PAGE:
If you are flying to a part of the world where healthcare is expensive and you don’t have any health insurance, then health coverage at least is vital. Even if you don’t intend to have a wild vacation white water rafting, horseback riding and paragliding, you can still have small medical needs – for example from a mosquito bite that becomes infected – and these small medical bills can be high unbudgeted for expenses.
Are you planning to take a digital camera? How about smart phone or a laptop? Do you have designer clothes? Do you have expensive luggage? Are you planning to take any specific equipment, skis for example? If you are taking anything on your vacation that’s worth a consider amount of money, then you should have insurance to cover the cost of replacing it.
Now that you’re convinced that insurance is a good idea, don’t just sign the first travel insurance policy that’s handed to you. Shop around. You can get some bargains out there, but make sure you read the policy and what it covers before signing.
Does the insurance cover you for delays? What does it cover – for example does it cover overnight expenses in a hotel? Does it cover you for rebooking flights? Will it allow you to reschedule using a different airline to what you originally intended? What if your holiday has to be canceled – will it refund all of your costs unreservedly or will it only do so under certain circumstances?
Check the amount insured. When looking at health insurance you need to have a figure in the millions of dollars of healthcare protection. If the cover in adequate, then you need to check what isn’t covered by the policy – for example some policies don’t cover sporting accidents as part of their basic policy. Will the insurance company pay for special assistance/flight if you have a major health problem? What doesn’t it cover?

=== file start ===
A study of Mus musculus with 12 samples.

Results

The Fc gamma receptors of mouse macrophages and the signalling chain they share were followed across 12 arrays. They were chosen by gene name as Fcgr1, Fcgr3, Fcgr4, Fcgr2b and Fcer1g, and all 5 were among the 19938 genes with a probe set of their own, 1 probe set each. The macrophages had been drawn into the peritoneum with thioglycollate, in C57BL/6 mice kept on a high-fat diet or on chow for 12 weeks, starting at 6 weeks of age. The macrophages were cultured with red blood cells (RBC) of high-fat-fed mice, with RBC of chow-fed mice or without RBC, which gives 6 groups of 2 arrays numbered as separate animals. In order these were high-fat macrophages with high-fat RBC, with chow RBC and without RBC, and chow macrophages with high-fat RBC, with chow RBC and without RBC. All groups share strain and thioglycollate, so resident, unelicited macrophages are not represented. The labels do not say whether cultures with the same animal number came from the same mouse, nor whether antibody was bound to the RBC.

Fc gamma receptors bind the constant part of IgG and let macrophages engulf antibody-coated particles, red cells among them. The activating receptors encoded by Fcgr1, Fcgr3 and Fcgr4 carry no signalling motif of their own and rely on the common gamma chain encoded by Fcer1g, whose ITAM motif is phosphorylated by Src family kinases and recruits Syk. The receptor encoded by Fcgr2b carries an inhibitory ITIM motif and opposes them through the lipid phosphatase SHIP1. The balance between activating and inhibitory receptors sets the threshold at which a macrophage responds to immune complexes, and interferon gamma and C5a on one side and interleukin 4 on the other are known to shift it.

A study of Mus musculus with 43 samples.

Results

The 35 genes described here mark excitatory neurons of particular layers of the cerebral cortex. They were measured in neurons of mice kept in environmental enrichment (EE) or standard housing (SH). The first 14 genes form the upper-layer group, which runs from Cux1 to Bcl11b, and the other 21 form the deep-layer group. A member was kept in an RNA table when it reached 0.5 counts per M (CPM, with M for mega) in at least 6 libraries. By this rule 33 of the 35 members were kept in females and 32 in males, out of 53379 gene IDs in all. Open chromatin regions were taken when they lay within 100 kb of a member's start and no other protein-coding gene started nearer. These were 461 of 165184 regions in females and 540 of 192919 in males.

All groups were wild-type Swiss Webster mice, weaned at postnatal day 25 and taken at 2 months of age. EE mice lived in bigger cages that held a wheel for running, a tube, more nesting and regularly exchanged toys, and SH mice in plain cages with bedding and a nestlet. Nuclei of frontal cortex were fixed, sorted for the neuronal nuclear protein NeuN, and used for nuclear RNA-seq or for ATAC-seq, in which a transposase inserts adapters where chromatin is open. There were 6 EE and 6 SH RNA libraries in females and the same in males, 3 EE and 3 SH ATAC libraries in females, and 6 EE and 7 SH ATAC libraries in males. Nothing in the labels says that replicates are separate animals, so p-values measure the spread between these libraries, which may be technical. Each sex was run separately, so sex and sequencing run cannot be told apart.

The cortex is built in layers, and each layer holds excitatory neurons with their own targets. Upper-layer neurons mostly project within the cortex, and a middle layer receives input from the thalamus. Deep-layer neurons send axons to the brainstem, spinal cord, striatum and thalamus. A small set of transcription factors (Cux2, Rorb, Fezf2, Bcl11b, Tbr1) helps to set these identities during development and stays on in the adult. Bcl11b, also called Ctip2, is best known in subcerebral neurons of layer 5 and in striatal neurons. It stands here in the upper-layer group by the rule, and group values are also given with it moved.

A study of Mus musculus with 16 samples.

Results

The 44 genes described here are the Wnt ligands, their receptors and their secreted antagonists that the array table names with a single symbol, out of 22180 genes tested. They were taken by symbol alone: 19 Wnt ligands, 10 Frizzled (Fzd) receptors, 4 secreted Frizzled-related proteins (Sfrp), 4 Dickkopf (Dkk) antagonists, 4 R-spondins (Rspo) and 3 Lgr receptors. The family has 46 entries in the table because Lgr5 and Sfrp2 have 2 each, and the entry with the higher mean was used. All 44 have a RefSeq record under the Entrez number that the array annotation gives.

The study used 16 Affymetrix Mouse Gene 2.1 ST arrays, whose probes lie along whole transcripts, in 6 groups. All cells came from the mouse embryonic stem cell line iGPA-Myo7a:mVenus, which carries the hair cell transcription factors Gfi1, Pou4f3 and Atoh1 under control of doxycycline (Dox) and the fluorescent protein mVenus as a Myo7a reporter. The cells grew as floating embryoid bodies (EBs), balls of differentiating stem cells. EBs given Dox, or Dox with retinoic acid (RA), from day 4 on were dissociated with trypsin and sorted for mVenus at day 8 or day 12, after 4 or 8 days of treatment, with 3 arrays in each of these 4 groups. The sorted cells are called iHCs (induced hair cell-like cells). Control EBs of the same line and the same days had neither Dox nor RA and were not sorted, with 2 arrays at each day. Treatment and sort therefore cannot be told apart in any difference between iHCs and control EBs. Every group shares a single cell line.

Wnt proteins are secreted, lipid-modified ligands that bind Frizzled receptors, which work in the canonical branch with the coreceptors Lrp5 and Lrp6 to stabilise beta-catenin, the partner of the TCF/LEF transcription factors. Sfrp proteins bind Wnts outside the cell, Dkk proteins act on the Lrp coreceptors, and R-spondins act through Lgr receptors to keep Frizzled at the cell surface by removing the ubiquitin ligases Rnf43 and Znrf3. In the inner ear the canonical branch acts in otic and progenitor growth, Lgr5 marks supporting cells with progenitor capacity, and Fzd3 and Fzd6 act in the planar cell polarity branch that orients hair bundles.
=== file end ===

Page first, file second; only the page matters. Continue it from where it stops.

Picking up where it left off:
Again the most important thing to check here is what isn’t covered. If you are taking any of the uncovered items, then you need to either investigate how much the upgrade will be to put these items under the policy cover, or find a policy that does cover them. What kind of documentation will you need to provide in order to get your insurance company to pay up – for example, some insurance policies will require you to have made an official theft complaint to the local police, and perhaps have the crime number it was allocated, if you are claiming an item was stolen. You may also be asked to supply photographic evidence that you owned the item you’re claiming for, and/or produce the receipt from when you bought it! What about items that you purchase on your vacation, after the policy comes into effect? Are they covered? If you have expensive luggage, is damage by the airline/in transit covered by your policy?
It you are taking a number of expensive items you might find it easier to pay a more expensive premium that doesn’t require as much in the way of evidence of ownership if you need to make a claim. Take note of any serial numbers your possessions have, and if you have a digital camera, consider taking photos before you leave home.
Travel insurance is often a necessary item to budget for when planning your holiday finances. Make sure you read all the small print, particular the exclusions, and the excess that you will need to pay in the event of a claim being made by you against the policy. You should also check whether or not you will be responsible for first paying any bills, and then claiming back from them, or whether you can have the hospital, for example, invoice your insurance company direct.
Adequate and appropriate travel insurance may be an expense you don’t want, but in the event of something going wrong on your vacation, it could save you a lot of money and stress.